Tuesday, September 20, 2016


There are various strategies for a potential buyer of some or all of the assets of Colombia-based Avianca Holdings.

If cultural differences don’t outweigh the benefits, a big North American or European group could bring economies of scale to an airline, which is an important player in the northwest sector of South America.

If new connections are not of primary importance, a Chinese-based group could give its owners a strategic asset in Latin America.

Meanwhile, some or all of Colombia-based Avianca is available, according to various reports published in recent weeks.

Delta Air Lines, United Continental Holdings, and Copa Airlines have made non-binding offers for part of Avianca Holdings, according to Bloomberg.

A Chinese conglomerate whose assets include part of Hainan Airlines, is another potential investor, according to Reuters.

Avianca in 2015 had a net loss of $140 million, following two years of declining profits.

In terms of potential strategies, a partnership with or adquisiton by a major international airline could be complicated, insofar as it involves a cultural clash, while doing little to reduce high compliance costs typically present in Latin American air transport operations.

On the other hand, such an approach could bring improved economies of scale to Avianca, which last year had operating revenues of just under $3.5 billion.

Meanwhile, United Airlines and Delta Air Lines each reported revenues of around $40 billion.

For its part, a Chinese airline would not gain a major logistical advantage through an acquisition of part or all of Avianca, since Chinese travelers can currently reach all major cities in South America with a connection in Los Angeles or Mexico City.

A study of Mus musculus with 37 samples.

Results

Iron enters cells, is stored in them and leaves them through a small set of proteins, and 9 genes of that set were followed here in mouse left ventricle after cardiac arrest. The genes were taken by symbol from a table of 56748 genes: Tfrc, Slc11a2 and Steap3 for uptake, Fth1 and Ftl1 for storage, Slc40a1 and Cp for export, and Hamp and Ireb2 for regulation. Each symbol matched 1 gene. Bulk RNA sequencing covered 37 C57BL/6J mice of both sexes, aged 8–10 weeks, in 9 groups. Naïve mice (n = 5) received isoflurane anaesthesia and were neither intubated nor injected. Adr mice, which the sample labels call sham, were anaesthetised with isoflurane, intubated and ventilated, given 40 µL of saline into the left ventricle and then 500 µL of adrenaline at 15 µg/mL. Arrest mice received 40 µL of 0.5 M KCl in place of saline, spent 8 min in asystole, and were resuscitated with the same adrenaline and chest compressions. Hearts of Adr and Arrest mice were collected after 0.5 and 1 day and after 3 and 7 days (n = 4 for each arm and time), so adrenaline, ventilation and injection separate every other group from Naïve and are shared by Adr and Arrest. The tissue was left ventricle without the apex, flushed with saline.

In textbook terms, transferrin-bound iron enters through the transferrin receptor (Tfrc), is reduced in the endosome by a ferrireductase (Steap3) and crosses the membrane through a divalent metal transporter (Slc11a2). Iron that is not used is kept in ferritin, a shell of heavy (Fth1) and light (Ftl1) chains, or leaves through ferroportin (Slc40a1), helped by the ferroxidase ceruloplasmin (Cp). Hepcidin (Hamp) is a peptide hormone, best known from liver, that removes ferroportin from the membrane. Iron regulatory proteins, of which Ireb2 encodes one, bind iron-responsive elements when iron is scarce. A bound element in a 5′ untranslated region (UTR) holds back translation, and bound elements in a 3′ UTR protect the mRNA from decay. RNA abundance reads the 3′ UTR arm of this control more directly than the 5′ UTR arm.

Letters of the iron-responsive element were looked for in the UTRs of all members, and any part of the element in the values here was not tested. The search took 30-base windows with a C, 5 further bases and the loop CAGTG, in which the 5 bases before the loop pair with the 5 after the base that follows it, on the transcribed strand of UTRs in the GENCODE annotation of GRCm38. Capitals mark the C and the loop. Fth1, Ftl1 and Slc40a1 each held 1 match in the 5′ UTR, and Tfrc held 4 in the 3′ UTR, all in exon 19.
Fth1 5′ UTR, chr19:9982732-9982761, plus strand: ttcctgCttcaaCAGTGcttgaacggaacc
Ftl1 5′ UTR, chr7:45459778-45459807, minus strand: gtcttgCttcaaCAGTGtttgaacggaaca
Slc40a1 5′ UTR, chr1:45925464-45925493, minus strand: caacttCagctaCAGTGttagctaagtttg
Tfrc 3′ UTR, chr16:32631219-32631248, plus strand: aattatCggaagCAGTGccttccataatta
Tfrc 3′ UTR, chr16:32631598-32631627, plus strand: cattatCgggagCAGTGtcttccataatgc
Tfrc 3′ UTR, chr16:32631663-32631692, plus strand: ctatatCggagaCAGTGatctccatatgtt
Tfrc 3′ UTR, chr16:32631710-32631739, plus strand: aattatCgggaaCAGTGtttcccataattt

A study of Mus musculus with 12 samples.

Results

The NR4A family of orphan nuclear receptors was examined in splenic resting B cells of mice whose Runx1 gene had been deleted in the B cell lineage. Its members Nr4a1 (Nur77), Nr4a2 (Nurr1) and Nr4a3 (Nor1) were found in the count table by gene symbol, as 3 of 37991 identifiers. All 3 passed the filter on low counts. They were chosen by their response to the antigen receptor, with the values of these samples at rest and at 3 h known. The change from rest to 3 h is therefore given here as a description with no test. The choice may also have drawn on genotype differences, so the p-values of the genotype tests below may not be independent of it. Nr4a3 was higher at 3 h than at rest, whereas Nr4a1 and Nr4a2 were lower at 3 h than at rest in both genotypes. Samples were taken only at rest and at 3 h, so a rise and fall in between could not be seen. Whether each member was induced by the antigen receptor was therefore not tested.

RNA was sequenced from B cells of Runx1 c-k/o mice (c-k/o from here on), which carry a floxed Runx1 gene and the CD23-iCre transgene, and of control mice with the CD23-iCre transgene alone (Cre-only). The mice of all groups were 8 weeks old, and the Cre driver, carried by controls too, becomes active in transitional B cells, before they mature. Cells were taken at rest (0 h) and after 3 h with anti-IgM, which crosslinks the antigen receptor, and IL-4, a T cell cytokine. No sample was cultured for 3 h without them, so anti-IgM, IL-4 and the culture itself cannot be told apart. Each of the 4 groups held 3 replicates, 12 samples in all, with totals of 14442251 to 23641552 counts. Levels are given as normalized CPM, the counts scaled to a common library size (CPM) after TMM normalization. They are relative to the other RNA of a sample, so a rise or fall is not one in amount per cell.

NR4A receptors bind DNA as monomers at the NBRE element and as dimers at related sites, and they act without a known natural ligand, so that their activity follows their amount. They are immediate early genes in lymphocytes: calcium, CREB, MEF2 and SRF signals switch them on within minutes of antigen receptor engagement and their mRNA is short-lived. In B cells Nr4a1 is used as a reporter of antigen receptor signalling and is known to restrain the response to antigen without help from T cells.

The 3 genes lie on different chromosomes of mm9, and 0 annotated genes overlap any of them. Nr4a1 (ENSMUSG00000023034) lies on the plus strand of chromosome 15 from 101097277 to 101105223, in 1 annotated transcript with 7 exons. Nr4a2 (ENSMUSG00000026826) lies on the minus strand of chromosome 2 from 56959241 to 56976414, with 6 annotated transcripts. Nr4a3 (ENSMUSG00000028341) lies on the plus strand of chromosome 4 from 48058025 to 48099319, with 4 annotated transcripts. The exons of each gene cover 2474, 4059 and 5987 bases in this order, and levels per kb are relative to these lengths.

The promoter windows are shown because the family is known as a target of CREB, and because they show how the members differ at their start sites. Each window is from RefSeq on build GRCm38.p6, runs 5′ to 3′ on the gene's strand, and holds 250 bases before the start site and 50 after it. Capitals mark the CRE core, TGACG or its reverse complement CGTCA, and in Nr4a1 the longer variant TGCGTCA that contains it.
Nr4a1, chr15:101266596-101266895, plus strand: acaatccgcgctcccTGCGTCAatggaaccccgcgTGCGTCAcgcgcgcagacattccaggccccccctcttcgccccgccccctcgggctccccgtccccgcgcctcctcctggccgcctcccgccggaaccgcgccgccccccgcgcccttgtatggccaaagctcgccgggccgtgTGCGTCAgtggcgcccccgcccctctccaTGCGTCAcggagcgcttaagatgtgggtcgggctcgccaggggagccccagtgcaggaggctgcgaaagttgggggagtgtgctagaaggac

On the other hand, a Chinese investor might want to own an important logistics asset in South America, where several state enterprises, along with private companies, have major resource-sector investments.

A potential loss of market share in Central America, following the expected launch within the next year of Volaris Costa Rica, along with the growth in recent years of Copa Colombia, are some of the challenges facing Avianca.

On the other hand, Avianca is the biggest domestic airline in Colombia, and an important local carrier in Ecuador and Peru, as well as the operator of several connections between Latin America and major cities in the United States.

As far as investors are concerned, Delta Air Lines, United Continental Holdings, and Copa Airlines have made non-binding offers for part of Avianca Holdings, according to a Bloomberg report last week.

HNA Group, a Chinese conglomerate whose assets include part of Hainan Airlines, is another possible investor, according to a Reuters report from last June.

Avianca Holdings in 2015 had a net loss of $140 million, following two years of declining profit - $128 million in 2014, barely half of the figure of a year earlier.

The company is controlled by brothers German and Jose Efromovich, who in addition own Avianca Brasil, a separate business.